Interactive Touch Screens Latest 'Freestyle' Innovation for Norwegian

Ever the innovator, Norwegian is staying state-of-the-art in cruising, this time with interactive signs to make the cruising experience even more modern and potentially more satisfying.

It's called staying with the times.

We have a 16-month-old granddaughter who knows, even before her second birthday, that the way to make things happen on Grandma's iPhone is to swipe the screen…and she knows Norwegian Breakawaywhat to expect when you swipe. The point is that in the modern age, interactivity is everything, whether it's reading a book on a phone or phoning a book-ie…okay, a relative…from the car.

Interactivity is giving a whole new meaning to touchy-feely. Nowhere is that more prevalent on cruise ships than the ones with those loud decorative works of art on their hulls.

Norwegian has a history of innovations, and if touch-screens in the public areas isn't one of them, being able to do everything from order dinner to book entertainment or shore excursions is.

The head honcho, Kevin Sheehan, puts it this way:

"All of our guests can take advantage of this exciting technology. With the introduction of these screens, Freestyle Cruising is taken to a whole new level, allowing guests to further Kevin Sheehancustomize their vacation on their time. It’s all about freedom and flexibility.”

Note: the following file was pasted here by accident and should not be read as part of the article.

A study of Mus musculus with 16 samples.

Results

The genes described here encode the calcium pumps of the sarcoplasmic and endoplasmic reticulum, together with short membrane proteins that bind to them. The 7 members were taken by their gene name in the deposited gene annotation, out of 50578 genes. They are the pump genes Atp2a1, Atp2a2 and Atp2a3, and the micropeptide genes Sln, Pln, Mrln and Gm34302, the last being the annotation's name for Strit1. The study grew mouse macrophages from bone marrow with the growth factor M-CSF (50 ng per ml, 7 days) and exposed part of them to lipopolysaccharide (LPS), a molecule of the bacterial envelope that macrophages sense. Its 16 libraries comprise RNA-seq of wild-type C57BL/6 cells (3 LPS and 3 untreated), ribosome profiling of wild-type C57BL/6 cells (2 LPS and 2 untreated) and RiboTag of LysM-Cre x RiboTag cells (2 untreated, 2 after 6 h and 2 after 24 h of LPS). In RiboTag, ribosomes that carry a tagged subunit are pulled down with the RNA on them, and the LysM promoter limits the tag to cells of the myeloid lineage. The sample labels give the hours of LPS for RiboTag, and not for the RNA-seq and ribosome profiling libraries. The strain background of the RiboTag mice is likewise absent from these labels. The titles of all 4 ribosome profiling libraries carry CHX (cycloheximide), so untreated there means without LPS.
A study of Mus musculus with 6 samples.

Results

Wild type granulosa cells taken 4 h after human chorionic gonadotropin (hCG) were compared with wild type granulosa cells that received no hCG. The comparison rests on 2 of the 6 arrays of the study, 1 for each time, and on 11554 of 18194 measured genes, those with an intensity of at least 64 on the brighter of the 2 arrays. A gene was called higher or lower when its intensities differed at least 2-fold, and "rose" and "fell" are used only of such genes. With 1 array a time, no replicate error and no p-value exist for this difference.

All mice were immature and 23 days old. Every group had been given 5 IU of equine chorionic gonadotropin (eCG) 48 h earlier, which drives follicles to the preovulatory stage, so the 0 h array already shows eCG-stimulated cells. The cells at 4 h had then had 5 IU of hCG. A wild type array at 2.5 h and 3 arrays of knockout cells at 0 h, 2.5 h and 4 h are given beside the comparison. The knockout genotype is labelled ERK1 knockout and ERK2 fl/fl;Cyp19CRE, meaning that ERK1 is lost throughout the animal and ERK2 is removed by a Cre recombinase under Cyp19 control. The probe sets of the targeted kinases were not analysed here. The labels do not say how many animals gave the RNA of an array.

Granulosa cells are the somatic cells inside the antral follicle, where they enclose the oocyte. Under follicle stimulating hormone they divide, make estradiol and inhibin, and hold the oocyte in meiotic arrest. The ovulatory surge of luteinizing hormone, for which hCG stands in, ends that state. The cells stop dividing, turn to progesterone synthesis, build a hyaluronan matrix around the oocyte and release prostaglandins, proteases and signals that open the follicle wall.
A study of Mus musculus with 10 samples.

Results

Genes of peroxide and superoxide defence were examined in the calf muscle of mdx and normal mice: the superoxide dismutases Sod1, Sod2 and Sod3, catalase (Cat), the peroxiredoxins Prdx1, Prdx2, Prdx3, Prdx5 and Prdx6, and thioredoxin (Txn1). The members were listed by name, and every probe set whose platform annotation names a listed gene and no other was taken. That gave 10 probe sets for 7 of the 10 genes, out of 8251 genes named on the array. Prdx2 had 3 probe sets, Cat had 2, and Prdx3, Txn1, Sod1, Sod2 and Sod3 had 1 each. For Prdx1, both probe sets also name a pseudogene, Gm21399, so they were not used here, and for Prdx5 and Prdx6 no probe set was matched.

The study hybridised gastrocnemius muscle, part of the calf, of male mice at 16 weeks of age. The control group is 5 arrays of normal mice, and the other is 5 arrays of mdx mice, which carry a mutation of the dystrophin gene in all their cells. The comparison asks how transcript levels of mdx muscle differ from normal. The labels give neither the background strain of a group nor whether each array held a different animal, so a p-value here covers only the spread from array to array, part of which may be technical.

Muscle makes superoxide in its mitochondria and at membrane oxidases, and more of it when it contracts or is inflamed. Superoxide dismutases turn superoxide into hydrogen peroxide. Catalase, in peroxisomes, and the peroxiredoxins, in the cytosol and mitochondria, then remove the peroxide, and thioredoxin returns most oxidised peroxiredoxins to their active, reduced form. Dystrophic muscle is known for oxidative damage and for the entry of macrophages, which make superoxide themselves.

Freestyle is a Norwegian signature and, co-incidentally, Freestyle Cruising brought us back to cruising after a 16-year absence (Norwegian Star)…but that's another story. We can't imagine this freestyle option would be that dramatic but having 30 to 50 static screens on a ship so that you can do things that would otherwise have to be done on the phone is just another way to help bring our demographic into the 21st century.

And, dare we mention, to attract younger customers.

That's what Norwegian's new ships, first the Breakaway and next February the Getaway, are designed to do. The touch screens that are part of it were introduced on Breakaway and now will be floated out to the other 11 ships in the Norwegian fleet.

So far, they've resisted saying it enables customers to keep in touch.

Celebrity Solstice
12 nights
November 4, 2013
SydneyMelbourne, Doubtful Sound, Dusky Sound, Milford Sound, Dunedin, Akaroa, Wellington, Tauranga, Auckland
Inside: $1,499
Cost per day: $124

  1. David says:

    How is this innovative!?!?!? Royal has done this for years…and have expanded to almost all their ships already.